United Torah Judaism still united, officials insist
Despite speculation of “historic splits,” Ashkenazi haredi party says it is set to run in elections largely unchanged from previous polls.
MK Moshe Gafni (UTJ) Photo: Marc Israel Sellem
Despite numerous rumors and media speculation of “historic splits,” the
Ashkenazi haredi party United Torah Judaism says it is set to run in Knesset
elections largely unchanged from previous polls.
With election fever
firmly setting in, one report in haredi weekly magazine Mishpacha on Thursday
claimed that the Belz Hassidim, currently represented in UTJ by MK Yisrael
Eichler, are willing to defect to the Shas party if their candidate does not get
the desired spot on the party list.
The Belz Hassidim are part of Agudat
Yisrael, the hassidic faction of UTJ, separate from the non-hassidic haredi
faction Degel Hatorah. As UTJ, which currently holds five seats, does not hold
primaries, candidates are chosen and placed on the party list by
Traditionally, a candidate from the Gur Hassidim has topped
the list for Agudat Yisrael, followed by a candidate from the Shlomei Emunim
confederation of different hassidic groups and a candidate representing the
Belz nominees have figured fourth on Agudat Yisrael’s
list, and in the event that UTJ does not get six Knesset seats, one Agudah MK
swaps with the Belz candidate halfway through the Knesset term, as occurred in
the 18th Knesset.
Eichler strenuously denied the Mishpacha story, telling
the haredi Kol Berama radio station on Thursday morning that the report was
He also denounced Mishpacha, in which he writes a
weekly column, for “not bothering to phone him” for comment on the
Additionally, a source within Agudat Yisrael denied there was any
split in the faction at all, telling The Jerusalem Post that everyone was going
into the elections “in peace and unity.”
Murmurs of discontent have also
been sounded within Degel Hatorah, stemming from the death in July of the Rabbi
Yosef Shalom Elyashiv, who was the spiritual leader of the non-hassidic haredi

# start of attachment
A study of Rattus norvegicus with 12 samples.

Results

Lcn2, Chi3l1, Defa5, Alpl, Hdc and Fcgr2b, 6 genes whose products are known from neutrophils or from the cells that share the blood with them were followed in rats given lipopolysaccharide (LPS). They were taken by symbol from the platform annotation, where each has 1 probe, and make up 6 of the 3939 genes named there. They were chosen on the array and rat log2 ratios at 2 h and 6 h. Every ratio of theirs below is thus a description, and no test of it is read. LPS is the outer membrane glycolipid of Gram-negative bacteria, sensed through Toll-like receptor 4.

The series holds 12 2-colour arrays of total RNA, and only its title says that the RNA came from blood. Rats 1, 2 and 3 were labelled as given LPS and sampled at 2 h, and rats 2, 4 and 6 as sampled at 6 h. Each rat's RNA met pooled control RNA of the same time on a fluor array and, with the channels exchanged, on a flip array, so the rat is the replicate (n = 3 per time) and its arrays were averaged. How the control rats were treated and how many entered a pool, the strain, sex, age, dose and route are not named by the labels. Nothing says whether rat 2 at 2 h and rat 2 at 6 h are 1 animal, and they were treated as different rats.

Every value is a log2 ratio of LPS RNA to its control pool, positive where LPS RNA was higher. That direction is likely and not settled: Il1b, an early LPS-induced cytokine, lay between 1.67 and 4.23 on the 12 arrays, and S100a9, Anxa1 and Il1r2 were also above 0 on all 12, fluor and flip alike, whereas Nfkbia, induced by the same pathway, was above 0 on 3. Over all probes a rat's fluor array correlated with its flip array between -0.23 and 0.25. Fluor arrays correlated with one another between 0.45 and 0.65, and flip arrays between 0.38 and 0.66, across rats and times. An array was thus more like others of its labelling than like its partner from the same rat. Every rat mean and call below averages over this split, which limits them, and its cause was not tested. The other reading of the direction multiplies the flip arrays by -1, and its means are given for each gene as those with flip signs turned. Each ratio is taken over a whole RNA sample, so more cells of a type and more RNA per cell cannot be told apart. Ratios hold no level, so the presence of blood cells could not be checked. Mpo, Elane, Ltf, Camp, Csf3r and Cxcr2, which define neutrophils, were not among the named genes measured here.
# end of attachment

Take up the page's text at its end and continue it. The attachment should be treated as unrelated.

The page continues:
The power struggle that followed his passing between Rabbi Aharon
Leib Shteinman of Bnei Brak and Rabbi Shmuel Auerbach of Jerusalem ended with
victory for the former and his widespread acceptance as “leader of the
The two Degel Hatorah MKs, Moshe Gafni and Uri Maklev, are
loyal to Shteinman, but supporters of Auerbach are agitating for a candidate of
their own to be given a prominent place on the UTJ list, threatening to form
their own party if this demand is refused.
However, a UTJ source within
Degel Hatora poured scorn on this notion, telling the Post it is extremely
unlikely that the Auerbach camp will break away at this time. The rabbi and his
supporters are not powerful or numerous enough to form a viable new non-hassidic
haredi party, the source claimed.
“There are so many serious issues
facing the haredi community at the moment, such as national service for haredim,
child support and so on, no one would dare split away now. It would be the
height of irresponsibility.”
Menahem Carmel, who was the third on the
Degel Hatorah list in the last elections and seventh in the full UTJ list –
therefore missing out on a Knesset seat – writes frequently for the new haredi
newspaper Hapeles, which was formed as a mouthpiece for Auerbach’s camp. Sources
within UTJ have been quoted as saying that Carmel will not figure on UTJ’s list
in the coming elections because of his adherence to Auerbach.